An Ontario man died without a will and a Toronto police officer stole $800,000 from the mans estate and is charged with fraud


Sommerfeld worked for Ontario’s Department of Highways and left behind an estate valued at $800,000.

Based on the law, the money should have gone to his rightful heir, his younger half-brother. Instead, the money went to a Toronto police officer who had allegedly submitted a fake will claiming he was the beneficiary. The officer — veteran Const. Robert Konashewych, 38 — was aided by a senior client representative at the province’s Office of the Public Trustee and Guardian.

The office is responsible for tracking down rightful heirs and determines who inherits property or money when a person dies without a will.

Konashewych is charged with defrauding the estate belonging to Sommerfeld, along with defrauding his brother, Peter Stelter, now 75. The officer remains on paid suspension as required under the Police Services Act.

A government employee, Adellene Balgobin, 34 is also charged. Police said the pair were “known to each other prior to the alleged offences taking place.”

Toronto police said that, Konashewych “swore and filed a false affidavit with the courts, supporting his claim that he was the beneficiary of the will.” In 2018, the officer received payments in excess of $800,000, police said last year.

Konashewych is also charged with obstruction of justice and breach of trust relating to the allegation that on Oct. 7, 2019, he swore and filed a false affidavit during an unrelated family court proceeding. His lawyer, Peter Brauti, could not be reached for comment Monday. Balgobin is represented by Juliana Greenspan who did not respond to a request for comment.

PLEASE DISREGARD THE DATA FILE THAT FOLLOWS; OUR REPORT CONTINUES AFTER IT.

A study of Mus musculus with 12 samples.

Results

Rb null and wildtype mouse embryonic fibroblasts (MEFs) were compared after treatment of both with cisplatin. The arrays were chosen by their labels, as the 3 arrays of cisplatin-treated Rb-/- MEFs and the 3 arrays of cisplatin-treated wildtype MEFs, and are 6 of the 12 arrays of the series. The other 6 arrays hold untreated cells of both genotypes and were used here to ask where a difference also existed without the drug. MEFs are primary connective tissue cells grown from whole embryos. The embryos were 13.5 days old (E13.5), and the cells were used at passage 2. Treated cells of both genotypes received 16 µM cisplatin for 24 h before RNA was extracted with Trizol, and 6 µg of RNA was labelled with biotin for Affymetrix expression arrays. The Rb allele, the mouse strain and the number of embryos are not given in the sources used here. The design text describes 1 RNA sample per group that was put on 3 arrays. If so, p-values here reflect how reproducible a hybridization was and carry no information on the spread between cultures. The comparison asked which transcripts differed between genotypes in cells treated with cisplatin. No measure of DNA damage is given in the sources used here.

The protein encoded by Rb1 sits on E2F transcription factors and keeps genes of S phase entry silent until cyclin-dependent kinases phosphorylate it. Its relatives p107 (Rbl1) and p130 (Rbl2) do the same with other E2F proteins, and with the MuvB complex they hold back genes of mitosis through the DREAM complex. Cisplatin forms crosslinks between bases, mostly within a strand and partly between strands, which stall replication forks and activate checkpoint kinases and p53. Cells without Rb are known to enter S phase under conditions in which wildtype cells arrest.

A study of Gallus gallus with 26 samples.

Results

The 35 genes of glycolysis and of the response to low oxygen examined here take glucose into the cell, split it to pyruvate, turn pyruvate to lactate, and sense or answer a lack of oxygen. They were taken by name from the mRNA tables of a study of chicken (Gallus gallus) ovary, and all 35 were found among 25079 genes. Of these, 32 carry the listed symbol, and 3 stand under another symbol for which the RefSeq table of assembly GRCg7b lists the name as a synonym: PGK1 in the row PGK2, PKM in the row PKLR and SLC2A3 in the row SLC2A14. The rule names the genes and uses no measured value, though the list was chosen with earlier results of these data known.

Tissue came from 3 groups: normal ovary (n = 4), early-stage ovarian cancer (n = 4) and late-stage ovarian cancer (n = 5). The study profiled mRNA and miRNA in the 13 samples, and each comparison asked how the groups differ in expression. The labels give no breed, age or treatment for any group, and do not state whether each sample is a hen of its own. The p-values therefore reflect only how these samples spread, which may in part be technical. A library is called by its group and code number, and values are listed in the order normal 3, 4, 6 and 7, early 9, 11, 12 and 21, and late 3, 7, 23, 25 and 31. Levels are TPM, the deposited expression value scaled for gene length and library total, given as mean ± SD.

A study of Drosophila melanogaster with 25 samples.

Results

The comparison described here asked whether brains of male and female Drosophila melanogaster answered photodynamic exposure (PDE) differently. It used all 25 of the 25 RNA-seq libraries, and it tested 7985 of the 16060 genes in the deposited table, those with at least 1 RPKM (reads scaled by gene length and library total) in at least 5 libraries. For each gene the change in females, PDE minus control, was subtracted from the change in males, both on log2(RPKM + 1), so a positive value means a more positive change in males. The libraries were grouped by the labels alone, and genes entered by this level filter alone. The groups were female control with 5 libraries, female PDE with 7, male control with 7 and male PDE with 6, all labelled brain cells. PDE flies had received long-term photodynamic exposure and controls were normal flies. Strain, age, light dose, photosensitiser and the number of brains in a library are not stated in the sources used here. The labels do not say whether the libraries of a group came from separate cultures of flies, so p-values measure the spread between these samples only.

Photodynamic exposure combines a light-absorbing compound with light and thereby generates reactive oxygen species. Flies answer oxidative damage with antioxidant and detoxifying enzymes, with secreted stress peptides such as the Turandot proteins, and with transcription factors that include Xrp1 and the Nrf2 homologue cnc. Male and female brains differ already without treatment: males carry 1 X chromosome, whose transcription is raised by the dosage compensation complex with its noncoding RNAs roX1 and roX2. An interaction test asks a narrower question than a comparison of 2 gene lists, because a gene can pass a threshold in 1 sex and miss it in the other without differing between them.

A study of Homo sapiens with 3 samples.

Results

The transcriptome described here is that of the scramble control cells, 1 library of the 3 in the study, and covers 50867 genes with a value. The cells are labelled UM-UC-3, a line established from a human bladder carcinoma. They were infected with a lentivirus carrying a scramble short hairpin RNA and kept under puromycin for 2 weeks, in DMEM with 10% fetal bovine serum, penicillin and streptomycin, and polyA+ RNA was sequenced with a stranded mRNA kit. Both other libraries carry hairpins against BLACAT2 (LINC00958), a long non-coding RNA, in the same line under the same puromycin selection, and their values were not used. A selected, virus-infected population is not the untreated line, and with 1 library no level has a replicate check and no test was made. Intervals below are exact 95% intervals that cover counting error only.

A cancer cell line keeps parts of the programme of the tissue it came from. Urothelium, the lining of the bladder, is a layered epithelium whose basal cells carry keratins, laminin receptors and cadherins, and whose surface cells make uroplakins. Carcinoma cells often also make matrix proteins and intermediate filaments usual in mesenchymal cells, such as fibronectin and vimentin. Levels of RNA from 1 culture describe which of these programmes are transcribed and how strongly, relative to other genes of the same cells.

The case has been ongoing for the last 13 months. On Tuesday, a preliminary hearing will finally get underway to determine if there’s enough evidence for a trial. A publication ban will be in effect on evidence presented at the hearing.

In an email to the Star on Monday, Stelter’s wife, Gail Stelter, emailed the Star saying her husband wants to remain “in the background” and would not be commenting. She added did say that Konashewych is “in no way related” to Heinz Sommerfeld.

Four-and-a-half years after his brother’s death, Stelter has still not received money from Sommerfeld’s estate. The matter has been “unsettling” for the Stelters, Gail Stelter wrote.

Peter Stelter and his brother were close growing up and lived with their mother, Erna Sommerfeld, after moving from Germany to the Toronto area. In later years, Sommerfeld brought their mother to birthday celebrations for the Stelter’s kids. She died in 2005, according to a newspaper death notice.

A public trustee official tracked and notified Peter Stelter that he was entitled to collect the estate in 2017 after Sommerfeld passed.

When Stelter called the trustee office back, he was told a will had surfaced and that he should no longer expect any money.

The Stelters moved on, not thinking much of it, until they were later contacted by Toronto police in two years later. Investigators discovered that there was something wrong with the Sommerfeld will, and in the summer of 2020 the service announced they’d arrested a Toronto police officer and a government worker.